Things I learned from watching the unnecessary remake of 1975's mostly forgotten The Stepford Wives:
There's less to fear from the future of robots than from robotic comedies. At the age of 60, the man behind the voice of Yoda isn't that wise. $95 million doesn't buy what it used to. And: Any movie that runs less than 90 minutes without counting the end credits and concludes in Larry King's studio is made from a place of desperation.
Frank Oz, whose last two pictures as director were 2001's The Score and 1999's Bowfinger, has never been a master of tonal variation -- in fact, most of his movies suffer from a professionalism verging on mere mediocrity. There's not much memorable he's able to do with the grafting of screenwriter Paul Rudnick's campy quips onto novelist Ira Levin's science fiction conceits with a dollop of the kind of dunderheaded bad taste that sank 1992's Death Becomes Her.
The Stepford Wives suffers the fate of many recent troubled studio productions: out come the knives, both in terms of rotten advance word and in terms of cutting the movie down to as short a length as possible. Anyone expecting a titanic stink bomb is disappointed as well, as whatever's wrong with the movie is buffed down to simple inconsequentiality.
While the preview print I saw was notably washed out, Nicole Kidman seems lit for drabness instead of her usual porcelain luminosity. Oz punishes her with an early close-up where she chews her way through several angry emotions that's almost as painfully extended as a similarly strenuous close-up of Renee Zellweger in Down With Love.
Kidman plays Joanna Eberhart, a high-powered network reality television executive, one of whose productions leads to a shooting spree by a cuckolded victim (Mike White, always the eager psycho). One nervous breakdown later, she and her underling husband, Walter (Matthew Broderick) move to a pristine gated community in Connecticut. A boring suburb. An unmemorable suburb. A suburb that no one behind the camera has bothered to imagine. Enter the robotic Stepford wives, led by insanely cheery Glenn Close. (Why do you want to hide the puppies whenever she wants into a scene nowadays?)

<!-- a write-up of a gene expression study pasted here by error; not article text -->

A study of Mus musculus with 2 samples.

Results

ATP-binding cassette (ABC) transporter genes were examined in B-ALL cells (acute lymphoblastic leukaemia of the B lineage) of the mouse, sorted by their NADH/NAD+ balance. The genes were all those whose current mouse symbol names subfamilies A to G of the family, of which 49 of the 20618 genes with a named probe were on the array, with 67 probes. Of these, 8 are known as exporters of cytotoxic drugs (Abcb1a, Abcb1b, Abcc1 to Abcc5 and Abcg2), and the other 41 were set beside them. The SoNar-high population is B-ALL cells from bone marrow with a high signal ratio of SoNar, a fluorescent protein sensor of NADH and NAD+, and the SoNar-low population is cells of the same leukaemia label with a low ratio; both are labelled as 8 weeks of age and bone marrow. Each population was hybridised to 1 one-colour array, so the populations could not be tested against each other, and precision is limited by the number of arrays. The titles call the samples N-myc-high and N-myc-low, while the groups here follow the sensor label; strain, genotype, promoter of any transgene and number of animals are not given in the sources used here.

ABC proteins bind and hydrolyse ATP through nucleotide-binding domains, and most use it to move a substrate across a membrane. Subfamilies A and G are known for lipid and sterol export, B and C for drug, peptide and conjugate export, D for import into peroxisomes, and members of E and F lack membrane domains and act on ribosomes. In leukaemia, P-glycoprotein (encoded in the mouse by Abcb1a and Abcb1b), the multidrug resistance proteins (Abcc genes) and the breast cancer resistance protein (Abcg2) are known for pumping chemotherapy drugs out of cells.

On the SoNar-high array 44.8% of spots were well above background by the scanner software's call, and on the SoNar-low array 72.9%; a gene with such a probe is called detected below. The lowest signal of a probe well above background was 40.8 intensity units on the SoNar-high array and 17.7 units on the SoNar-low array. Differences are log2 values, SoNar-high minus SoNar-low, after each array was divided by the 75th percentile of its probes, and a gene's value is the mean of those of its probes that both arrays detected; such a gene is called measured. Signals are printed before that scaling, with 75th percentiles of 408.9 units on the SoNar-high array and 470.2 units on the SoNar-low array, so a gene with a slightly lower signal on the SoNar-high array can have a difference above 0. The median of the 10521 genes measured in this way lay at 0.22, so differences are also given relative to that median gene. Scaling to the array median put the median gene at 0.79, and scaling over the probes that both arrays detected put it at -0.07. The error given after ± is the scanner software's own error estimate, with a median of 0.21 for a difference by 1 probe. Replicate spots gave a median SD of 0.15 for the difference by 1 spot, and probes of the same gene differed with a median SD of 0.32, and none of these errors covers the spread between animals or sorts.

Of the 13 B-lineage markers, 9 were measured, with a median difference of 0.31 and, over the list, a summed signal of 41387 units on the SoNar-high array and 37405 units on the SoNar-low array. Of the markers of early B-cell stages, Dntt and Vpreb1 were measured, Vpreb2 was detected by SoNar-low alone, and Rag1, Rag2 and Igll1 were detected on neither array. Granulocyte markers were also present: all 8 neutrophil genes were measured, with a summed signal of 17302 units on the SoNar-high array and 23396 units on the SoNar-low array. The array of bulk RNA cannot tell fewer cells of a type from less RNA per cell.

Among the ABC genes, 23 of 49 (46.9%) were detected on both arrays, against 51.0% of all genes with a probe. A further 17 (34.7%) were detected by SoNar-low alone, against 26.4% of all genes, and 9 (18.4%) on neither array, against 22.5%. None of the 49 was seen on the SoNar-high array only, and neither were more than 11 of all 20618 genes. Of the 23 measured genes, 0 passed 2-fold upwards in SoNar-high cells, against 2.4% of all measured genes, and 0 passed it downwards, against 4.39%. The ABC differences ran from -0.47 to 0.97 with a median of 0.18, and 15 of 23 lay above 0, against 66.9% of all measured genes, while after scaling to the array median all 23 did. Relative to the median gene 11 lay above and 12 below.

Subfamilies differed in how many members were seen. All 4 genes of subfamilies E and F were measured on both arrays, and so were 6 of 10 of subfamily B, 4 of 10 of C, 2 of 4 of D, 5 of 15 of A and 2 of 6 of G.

Broderick's as uncharismatic as ever, and even Christopher Walken is uncharacteristically dull as Close's husband and the man who came up with the plan to reduce powerful women to complacent bimbos.
The Stepford Wives may have been intended as a satire of something or other in its earliest stumbling toward the screen, but the result on screen doesn't have enough depth to make you understand why anyone would have spent a year or more of their lives working on the thing, except as a numbing job. There's simply not enough content to figure out if the filmmakers think they're toying with consumerism, with misogyny, or any other worthy topic.
More catty than funny, Rudnick's dialogue has intermittent zip, particularly with one especially stereotyped gay character, but like his work with the funny Jeffrey and In & amp; Out and the painful Marci X, the one-liners are mostly little more than soap bubbles in a stiff breeze. It's camp without sting, and notably tacky.
Oz doesn't do much with production or costume design. The wives (including Faith Hill) are uniformly dreary, like second-rate drag queens dreaming of becoming Southwestern flight attendants. (You can imagine the training being a lot like Oz's direction must be: "Be funny! Be desperately funny!"
And as for horror, any half-dozen of Katie Couric's grins are scarier.
But there was one line I loved, heard off screen as one of the Stepford husbands dispatches his wife after vigorous and very loud sex: "Baby, grab me some nachos."